Niall Holden, VDC Trading
The vending machine has had to go but the challenges of the past year have left us lean and fighting fit, says Niall Holden, founder of cabling specialist VDC Trading, a £7.5 million turnover business which provides cabling equipment for concerts and live events.
- What was the inspiration for your business?
I had always wanted to be in a band so when I left school at 16 I spent the next few years playing in bands and drifting in and out of low-paid jobs. Then at the age of 25 I became a van driver for a company that hired out equipment to pop bands. After 18 months I decided to see if I could do this myself, so I set up my own business with a business partner, using an Italian supplier.
One of our first orders was for 36 microphone stands for pop band The Eurythmics – we made £16 profit and were over the moon. The business really started to take off when we became the sole UK distributor for Klotz, a German company that makes cables and accessories. After a year however I discovered that Klotz had set up its own distribution company in competition with us. So we found another supplier of high-quality cables and began selling them under our own Van Damme Brand. We provide cabling equipment for concerts, festivals and live events including Glastonbury, the Olympics, and Royal Weddings.
- How did you finance the growth of your business?
NatWest bank gave me a £5000 to start the business but my business partner and I spent it on a three-week holiday to Greece and company cars for both of us. We only had £128 left so we started the business with that.
As the business grew I was able to buy out my business partner and acquire a large warehouse in King’s Cross, north London, that had been empty for years. The place had been used for raves and was disgusting. Everyone thought I was mad but it has turned out to be a great investment.
- What has been the most difficult or challenging part of growing your business?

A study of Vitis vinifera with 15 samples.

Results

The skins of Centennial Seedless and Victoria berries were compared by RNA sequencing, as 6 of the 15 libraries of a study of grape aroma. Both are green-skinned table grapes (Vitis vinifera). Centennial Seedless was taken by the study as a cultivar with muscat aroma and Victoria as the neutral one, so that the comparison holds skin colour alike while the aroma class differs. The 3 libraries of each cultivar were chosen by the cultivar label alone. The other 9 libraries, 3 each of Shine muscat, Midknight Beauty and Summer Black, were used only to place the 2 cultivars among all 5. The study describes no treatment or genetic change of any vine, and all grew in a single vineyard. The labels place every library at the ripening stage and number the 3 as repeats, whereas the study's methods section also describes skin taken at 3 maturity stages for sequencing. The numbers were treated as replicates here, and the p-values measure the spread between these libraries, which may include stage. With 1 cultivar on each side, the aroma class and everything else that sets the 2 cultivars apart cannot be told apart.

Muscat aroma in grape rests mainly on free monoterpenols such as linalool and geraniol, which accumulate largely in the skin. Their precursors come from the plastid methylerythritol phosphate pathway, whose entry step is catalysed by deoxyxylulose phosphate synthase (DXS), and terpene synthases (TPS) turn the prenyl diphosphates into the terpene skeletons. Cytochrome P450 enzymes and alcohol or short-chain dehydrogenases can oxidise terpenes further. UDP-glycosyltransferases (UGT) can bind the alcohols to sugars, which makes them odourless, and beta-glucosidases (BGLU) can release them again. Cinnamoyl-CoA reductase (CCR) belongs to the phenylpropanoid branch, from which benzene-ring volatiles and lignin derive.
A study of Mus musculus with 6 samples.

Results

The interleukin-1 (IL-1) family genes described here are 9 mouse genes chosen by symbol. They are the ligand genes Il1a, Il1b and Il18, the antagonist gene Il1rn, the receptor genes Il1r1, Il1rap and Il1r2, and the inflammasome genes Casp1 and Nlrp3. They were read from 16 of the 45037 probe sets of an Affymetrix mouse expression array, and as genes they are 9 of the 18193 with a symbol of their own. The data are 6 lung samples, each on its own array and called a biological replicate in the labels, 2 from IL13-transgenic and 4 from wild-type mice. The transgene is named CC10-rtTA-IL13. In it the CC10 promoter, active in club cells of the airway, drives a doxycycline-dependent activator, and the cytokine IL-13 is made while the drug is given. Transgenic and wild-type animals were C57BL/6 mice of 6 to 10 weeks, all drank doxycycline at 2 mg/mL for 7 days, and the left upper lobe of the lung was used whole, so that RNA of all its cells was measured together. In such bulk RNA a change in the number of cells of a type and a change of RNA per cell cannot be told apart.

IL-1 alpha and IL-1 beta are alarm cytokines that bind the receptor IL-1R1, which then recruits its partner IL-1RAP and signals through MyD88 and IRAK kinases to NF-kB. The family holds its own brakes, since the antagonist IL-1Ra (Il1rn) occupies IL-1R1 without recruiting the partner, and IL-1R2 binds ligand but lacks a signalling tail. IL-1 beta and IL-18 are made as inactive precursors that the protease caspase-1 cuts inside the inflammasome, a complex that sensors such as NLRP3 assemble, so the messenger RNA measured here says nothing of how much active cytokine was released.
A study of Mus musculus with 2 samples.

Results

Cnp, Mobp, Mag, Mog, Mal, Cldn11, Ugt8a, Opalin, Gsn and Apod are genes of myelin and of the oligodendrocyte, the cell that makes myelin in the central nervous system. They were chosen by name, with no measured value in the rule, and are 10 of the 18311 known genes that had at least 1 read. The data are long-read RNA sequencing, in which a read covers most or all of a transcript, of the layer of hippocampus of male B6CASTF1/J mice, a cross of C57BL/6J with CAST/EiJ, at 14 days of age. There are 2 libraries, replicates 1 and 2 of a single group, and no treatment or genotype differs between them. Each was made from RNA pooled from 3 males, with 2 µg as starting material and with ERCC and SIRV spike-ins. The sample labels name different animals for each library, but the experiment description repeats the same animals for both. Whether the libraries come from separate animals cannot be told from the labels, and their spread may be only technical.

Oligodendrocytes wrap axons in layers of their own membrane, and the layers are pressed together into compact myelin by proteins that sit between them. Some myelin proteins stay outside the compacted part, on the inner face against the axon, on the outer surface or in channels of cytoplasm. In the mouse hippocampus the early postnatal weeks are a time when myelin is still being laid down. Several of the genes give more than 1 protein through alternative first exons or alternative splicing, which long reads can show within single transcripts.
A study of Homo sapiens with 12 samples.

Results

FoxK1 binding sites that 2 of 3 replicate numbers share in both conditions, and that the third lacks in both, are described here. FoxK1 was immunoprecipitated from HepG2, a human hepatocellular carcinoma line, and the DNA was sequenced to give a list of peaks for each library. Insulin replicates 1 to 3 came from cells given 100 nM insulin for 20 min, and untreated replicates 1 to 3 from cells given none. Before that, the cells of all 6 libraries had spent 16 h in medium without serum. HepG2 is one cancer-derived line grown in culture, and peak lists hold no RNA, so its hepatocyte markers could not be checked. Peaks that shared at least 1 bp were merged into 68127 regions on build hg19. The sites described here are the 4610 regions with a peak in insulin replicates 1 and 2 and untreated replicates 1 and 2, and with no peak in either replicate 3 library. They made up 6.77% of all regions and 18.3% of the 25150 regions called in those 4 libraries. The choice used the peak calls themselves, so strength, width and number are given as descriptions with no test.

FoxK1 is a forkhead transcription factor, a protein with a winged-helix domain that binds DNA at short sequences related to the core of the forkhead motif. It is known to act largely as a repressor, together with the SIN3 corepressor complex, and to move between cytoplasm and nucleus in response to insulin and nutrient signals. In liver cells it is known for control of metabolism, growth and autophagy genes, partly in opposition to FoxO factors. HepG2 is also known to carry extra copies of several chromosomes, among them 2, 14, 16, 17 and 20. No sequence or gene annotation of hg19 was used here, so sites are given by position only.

Getting the right team around me. If you can get the right people around the table you don’t really talk about problems; you talk about the future and how to grow. But if you have the wrong people around you, it can end up being your biggest problem because it takes up so much of your time.
- What has been the impact of the pandemic on your business and how have you dealt with this?
Initially our sales just fell off a cliff. It was absolutely terrifying. Everything just stopped and we lost over 90% of our turnover.
But looking back now, the pandemic has done me the biggest of favours. It has made me look at the Profit and Loss account and at all the margins; we have gone through everything at a granular level with a fine tooth comb, going right, do we need those plants in the building, get rid of those, get rid of the vending machine. We made some redundancies and slashed our overheads and I focused on cash flow to make sure we had enough money to keep things going.
It has been a good opportunity to really clear the slate and rebuild the business on a different mentality. It is like someone hit a reset button. We are now so fighting fit that we made more money in the first quarter of this year than we did in the first quarter of 2020, even though the turnover was much reduced. We have even started re-hiring.
A couple of our competitors are really struggling and one has actually thrown the towel in, so it really has been a survival of the fittest. The one thing that has saved us has been the strength of our Van Damme brand.
- What key lesson have you learnt about setting up and growing a business?
You have got to be brave. Nothing is 100% certain, so you have got to get to about 60-70% and close your eyes, hold your nose and just take that entrepreneurial leap into the abyss. The worst thing you can do is nothing.
- What has been your biggest mistake?
I don’t look after myself enough. I give all my projects lots of attention and blue sky dreaming, but I should spend as much time looking after myself.
- What has been the secret of your success so far?
Paying attention to detail and quality. You can’t be a cheapskate, you have to spend the money where it is needed. You can’t have a poor quality website or business card; it has to give the impression that there has been some thought and design behind it.
- What advice would you give an entrepreneur just starting out about how to grow their business?
Have to have some faith in yourself and go for it.
- What personal quality or characteristic has been most useful to you as an entrepreneur as you grow your business?